Contract law and civil procedure law are two sides of the same coin. The absence of adequate means to apply the national and European substantive rules renders these rules irrelevant.
One of the main goals of the EU legislation related to contract law is ensuring the functioning of the internal market, which shall comprise an area without internal frontiers in which goods, persons, services and capital move freely (Article 26(2) Treaty on the Functioning of the European Union (TFEU)). In order to achieve this, the European Union shall adopt, inter alia, laws which ensure a high level of consumer protection (Articles 114 and 169 TFEU).
However, a high-level legal framework for consumer contracts may not be enough as the enforceability of a legal framework depends on procedures that allow the parties, especially the consumer, to settle disputes arising throughout the life of a contract.
At a European level, the existence of simple, efficient, fast and low-cost ways of resolving disputes is key to making European contract law – which is mainly consumer law – more effective. This idea inspired the legislative package adopted by the EU in 21 May 2013, which includes Directive 2013/11/EU of the European Parliament and of the Council on alternative dispute resolution for consumer disputes (Directive on Consumer ADR) and Regulation (EU) 524/2013 of the European Parliament and of the Council on online dispute resolution for consumer disputes (Regulation on Consumer ODR).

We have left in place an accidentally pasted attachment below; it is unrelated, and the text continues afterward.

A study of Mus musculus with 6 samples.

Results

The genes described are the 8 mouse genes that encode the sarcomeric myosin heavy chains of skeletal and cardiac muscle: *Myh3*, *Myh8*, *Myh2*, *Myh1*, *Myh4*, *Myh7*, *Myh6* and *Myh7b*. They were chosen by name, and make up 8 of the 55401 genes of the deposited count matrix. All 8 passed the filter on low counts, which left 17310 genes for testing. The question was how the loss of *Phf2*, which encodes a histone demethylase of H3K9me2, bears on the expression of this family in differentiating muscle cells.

For example, if after calling an Uber, the car does not show up and the price of €3 is charged, would anyone even consider going to court?
The references to dispute resolution are nevertheless scarce in the supporting documents of the European digital single market strategy.
The European Commission, in a Communication of 6 May 2015, named ‘A Digital Single Market Strategy for Europe’, confirms our idea, stating that ‘just having a common set of rules is not enough’ and emphasising the ‘need for more rapid, agile and consistent enforcement of consumer rules for online and digital purchases to make them fully effective’. It is also added that ‘the Commission will establish in 2016 a EU-wide online dispute resolution platform’.